New York-Style Pies

Zoli's NY Pizza Tavern in Oak Cliff releases menu with unthinkable ingredient

Zoli's NY Pizza Tavern releases menu with unthinkable ingredient

Zoli's NY Pizza Tavern
Zoli's NY Pizza Tavern crust has nice rise. Zoli's NY Pizza Tavern
Zoli's New York Pizza Tavern in Dallas
Zoli's NY Pizza Tavern has attitude. Zoli's NY Pizza Tavern/Facebook
Slice from Zoli's NY Pizza Tavern in Dallas
Zoli's does thin-crust, New York-style pizza. Courtesy of Zoli's Pizza Tavern/Facebook
Zoli's NY Pizza Tavern
Zoli's New York Pizza Tavern in Dallas
Slice from Zoli's NY Pizza Tavern in Dallas

One of the most anticipated restaurant openings this summer, Zoli's Pizza Tavern — the new Northeast-style pizzeria from Cane Rosso owner Jay Jerrier — is slated to open August 6. It's going in the old Bee Enchiladeria space on Davis Street.

Just as Cane Rosso has helped blaze the trail for transcendental Neapolitan-style pizza in Dallas, Zoli's seems certain to change the game for New York pizza and beyond. Ahead of the opening, the restaurant has posted its menu, which includes three versions of New York-style pizza:

 "We make our own ranch dressing. It's a jalapeño ranch, and it's so good," says owner Jay Jerrier.

Traditional. Flat, thin crust. More flexible than chain pizza but more substantial than Cane Rosso's soft crust, so it can hold more toppings. Sauce is crushed San Marzano tomatoes; mozzarella is shredded, not fresh. These pies are cooked at about 650 degrees for five to seven minutes, for a crispier-bottomed crust.

Grandma. Thicker than New York but thinner than Sicilian. Baked in a rectangular pan, the bottom is crisp while the top is soft and airy. Sauce is a sweet, chunky pomodoro-style with tomatoes that have been crushed by hand. Destined to become most beloved.

Sicilian. Baked in a square pan, the Sicilian is the thickest, almost like a focaccia. It involves a four-part cooking process. The dough is baked, smeared with tomato sauce and put aside until an order comes in. That's when it's popped back into the oven for a finishing bake-off. The Grandma and the Sicilian use the same dough but undergo different proofing and stretching processes to achieve different results.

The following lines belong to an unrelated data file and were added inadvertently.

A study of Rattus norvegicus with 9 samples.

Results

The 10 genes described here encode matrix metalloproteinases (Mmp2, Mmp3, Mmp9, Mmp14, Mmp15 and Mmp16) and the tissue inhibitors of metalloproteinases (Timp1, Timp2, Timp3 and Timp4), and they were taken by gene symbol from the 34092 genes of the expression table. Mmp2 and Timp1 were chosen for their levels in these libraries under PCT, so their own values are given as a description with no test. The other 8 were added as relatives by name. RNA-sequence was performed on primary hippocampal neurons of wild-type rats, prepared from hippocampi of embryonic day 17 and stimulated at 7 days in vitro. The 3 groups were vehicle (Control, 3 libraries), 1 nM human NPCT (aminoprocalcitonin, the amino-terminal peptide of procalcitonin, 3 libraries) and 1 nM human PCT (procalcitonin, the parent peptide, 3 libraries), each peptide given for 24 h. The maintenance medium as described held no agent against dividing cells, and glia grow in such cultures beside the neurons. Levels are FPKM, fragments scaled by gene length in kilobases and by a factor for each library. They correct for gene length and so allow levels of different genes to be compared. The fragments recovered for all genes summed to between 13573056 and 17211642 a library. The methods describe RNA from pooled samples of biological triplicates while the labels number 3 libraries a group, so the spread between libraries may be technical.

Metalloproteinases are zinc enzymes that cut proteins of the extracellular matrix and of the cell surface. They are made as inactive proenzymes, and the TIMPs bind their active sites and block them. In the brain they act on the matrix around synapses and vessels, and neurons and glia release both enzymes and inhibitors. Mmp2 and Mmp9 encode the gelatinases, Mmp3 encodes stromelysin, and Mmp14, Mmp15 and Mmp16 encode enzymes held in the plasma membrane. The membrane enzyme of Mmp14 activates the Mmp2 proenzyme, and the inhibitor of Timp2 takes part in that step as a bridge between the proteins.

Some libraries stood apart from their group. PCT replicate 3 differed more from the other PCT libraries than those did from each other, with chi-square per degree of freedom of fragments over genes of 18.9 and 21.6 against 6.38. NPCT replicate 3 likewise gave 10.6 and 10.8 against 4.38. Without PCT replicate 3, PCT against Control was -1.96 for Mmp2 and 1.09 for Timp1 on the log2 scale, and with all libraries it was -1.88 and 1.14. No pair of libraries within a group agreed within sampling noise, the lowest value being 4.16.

Appetizers run $5 to $8 and include fried dough strips served with marinara; zucchini fries served with marinara and jalapeño ranch; fried artichoke hearts served with marinara and jalapeño ranch; and garlic knots, a dozen for $6.

Salads come in two sizes, priced from $5 to $10, and include Caesar, Caprese, Gorgonzola and the Cane Rosso-esque Mista, with romaine, Parmesan, red onion and grape tomatoes.

Sandwiches are called heroes, including the Northeast specialty known as the "parm." That's basically a sub sandwich with melted cheese, but it includes meatball parm, eggplant parm, and "chicky chicky parm parm" with chicken. Other sandwiches include sausage and peppers; fried chicken (called chicken Milanese); and the "Big Shirley," with prosciutto, ham, hot soppressata, provolone, Parmesan, chilies, onions and arugula. They're all $12.

Desserts include tiramisu and diavoletti, which are fried strips of dough drizzled with Nutella, sea salt caramel and powdered sugar.

One thing you will note in the above menu analysis is the word "ranch." Among pizza heathens, it's a popular if objectionable practice to eat pizza with ranch dressing as a dip.

Jerrier has wisely refused to serve ranch dressing at Cane Rosso, a rule that should be supported and applauded. But at Zoli's, he's folded faster than a slice of Neapolitan-style pizza.

"We make our own. It's a jalapeño ranch, and it's so good," Jerrier says. "I would never put it on pizza, but it's really good for something like zucchini sticks. It's for all our customers who’ve begged for ranch. This is where to get it."